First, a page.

Why Johnny Can’t Preach
The Media Have Shaped the Messengers
Author T. David Gordon has identified some serious problems, one that affects all in our generation and earnestly needs to be fixed: our preaching is just not communicating properly much of the time. Fortunately, Gordon not only explains the causes of this failure but has direction on how to change.
“An insightful diagnosis of a serious problem in the life of the church. For this we should be grateful, as we shoudl for the way out of the crisis to which this book ably points.” — David Wells, Gordon-Conwell Theological Seminary
A Review from Ben Zornes
If you are concerned at all about the state of preaching in the modern church this will be an encouraging and convicting book. Gordon aims not only at preachers but congregations as he exhorts the church to avoid the cultural tendency to have short attention spans and the inability to follow an argument or narrative closely.
This is a short book, but really worth your time. You should be able to breeze through it in a sitting or two. Gordon wrote this book as he was undergoing cancer treatment, and the tone of it is that of a man facing eternity. Gordon beat his cancer, and as a result of his suffering he has left us an impassioned plea to both preachers and congregants to recognize the importance of preaching and to not neglect pursuing maturity in both delivering and receiving sermons. I highly commend this book!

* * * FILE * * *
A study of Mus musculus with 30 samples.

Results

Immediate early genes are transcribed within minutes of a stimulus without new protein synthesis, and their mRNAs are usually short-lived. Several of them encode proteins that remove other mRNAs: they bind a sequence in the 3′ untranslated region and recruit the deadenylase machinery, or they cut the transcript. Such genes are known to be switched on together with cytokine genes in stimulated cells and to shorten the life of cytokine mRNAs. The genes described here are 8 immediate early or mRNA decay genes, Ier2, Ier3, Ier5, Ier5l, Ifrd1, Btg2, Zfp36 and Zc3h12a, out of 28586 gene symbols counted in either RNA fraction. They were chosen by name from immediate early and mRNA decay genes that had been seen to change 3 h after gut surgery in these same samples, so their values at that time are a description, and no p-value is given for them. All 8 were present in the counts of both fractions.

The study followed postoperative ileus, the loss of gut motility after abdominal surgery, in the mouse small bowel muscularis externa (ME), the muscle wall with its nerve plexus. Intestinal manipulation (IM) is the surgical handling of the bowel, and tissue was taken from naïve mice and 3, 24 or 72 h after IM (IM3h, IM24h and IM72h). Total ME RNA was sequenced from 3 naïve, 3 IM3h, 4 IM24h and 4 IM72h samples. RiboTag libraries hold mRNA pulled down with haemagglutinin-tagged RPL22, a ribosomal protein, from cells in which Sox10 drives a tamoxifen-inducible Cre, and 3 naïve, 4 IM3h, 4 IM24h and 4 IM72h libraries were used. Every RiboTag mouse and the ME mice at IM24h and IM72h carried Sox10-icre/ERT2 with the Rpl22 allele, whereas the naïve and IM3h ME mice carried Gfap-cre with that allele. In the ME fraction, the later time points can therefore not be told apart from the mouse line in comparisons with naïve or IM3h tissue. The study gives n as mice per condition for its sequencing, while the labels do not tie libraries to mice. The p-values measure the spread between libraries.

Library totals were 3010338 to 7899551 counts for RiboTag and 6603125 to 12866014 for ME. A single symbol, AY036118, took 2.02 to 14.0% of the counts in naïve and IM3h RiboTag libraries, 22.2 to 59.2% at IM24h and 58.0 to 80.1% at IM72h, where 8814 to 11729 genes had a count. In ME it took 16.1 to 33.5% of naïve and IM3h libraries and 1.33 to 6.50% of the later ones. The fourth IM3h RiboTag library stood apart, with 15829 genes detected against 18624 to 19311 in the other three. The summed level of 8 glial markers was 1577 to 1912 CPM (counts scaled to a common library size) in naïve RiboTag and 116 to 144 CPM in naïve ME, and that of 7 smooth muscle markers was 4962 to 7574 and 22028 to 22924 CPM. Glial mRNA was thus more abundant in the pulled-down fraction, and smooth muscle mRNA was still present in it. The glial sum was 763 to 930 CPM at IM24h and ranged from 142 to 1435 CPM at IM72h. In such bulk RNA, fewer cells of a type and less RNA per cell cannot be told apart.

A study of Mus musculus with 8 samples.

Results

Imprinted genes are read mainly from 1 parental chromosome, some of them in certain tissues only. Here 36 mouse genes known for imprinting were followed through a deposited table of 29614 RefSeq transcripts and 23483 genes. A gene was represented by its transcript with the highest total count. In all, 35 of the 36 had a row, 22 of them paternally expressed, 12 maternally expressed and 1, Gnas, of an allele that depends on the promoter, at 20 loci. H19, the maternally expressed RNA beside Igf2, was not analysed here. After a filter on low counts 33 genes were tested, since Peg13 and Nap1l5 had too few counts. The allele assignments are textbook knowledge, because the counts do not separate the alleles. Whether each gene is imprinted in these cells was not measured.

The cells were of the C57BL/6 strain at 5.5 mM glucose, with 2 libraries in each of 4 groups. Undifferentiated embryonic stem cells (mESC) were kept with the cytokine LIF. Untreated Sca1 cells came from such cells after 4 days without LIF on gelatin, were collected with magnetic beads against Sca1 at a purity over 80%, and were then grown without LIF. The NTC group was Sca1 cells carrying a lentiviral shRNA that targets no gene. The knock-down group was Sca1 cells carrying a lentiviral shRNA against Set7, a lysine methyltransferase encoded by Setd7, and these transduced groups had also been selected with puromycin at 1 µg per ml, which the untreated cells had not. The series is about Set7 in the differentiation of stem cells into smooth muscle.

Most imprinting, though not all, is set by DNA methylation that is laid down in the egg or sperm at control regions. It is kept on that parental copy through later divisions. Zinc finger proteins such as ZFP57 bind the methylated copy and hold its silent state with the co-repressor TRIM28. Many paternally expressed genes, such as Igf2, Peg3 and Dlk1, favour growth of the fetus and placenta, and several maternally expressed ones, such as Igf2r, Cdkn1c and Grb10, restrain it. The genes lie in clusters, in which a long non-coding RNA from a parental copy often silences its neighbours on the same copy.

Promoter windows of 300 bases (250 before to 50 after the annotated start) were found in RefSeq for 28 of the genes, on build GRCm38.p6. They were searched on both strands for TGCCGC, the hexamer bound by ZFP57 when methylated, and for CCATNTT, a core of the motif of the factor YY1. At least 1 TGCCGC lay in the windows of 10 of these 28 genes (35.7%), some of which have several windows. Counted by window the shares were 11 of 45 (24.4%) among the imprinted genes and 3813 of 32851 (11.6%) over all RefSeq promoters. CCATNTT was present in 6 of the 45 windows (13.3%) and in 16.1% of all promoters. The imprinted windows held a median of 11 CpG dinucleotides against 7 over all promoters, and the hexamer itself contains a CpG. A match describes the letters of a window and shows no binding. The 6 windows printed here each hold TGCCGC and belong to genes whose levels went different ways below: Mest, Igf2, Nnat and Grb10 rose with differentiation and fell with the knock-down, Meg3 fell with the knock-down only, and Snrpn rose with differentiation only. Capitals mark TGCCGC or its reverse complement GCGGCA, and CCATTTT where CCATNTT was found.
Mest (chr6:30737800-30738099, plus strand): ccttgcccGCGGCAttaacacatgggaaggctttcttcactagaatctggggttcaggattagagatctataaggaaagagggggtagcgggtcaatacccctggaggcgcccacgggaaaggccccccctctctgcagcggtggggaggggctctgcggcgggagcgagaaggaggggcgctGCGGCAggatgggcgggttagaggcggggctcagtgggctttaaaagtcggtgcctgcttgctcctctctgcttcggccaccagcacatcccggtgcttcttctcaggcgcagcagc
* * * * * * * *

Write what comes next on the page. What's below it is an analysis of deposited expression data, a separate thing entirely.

Some Quotes from the book:
Our sheep do not need gourmet meals. But they do need good, solid nourishment, and they are not ordinarily getting it.
Christians in many churches today have never experienced genuinely soul-nourishing preaching, and so they just pick away at what is available to them, trying to find a morsel of spiritual sustenance or helpful counsel here or there.
The harder it is for you to slow down, the more you need to be rescued from the twentieth century; the more you need poetry.
The poet stops and stares at that which most of us merely glance at; he pauses to notice what is humane, significant, and important.
But it is never appropriate, in my estimation, for one word of moral counsel ever to proceed from a Christian pulpit that is not clearly, in its context, redemptive.
Some of the neo-Puritans have apparently determined that the purpose and essence of Christian preaching is to persuade people that they do not, in fact, believe.
Table of Contents:
Chapter 1: Johnny Can’t Preach
Chapter 2: Why Johnny Can’t Preach, Part 1:
Johnny Can’t Read (Texts)
Chapter 3: Why Johnny Can’t Preach, Part 2:
Johnny Can’t Write
4. A Few Thoughts about Content
5. Teaching Johnny to Preach
About the Author
T. David Gordon has been professor of religion and Greek at Grove City College since 1999. Previously, he was an associate professor of New Testament at Gordon-Conwell Theological Seminary for fourteen years and pastor at Christ Presbyterian Church (Nashua, New Hampshire) for nine years.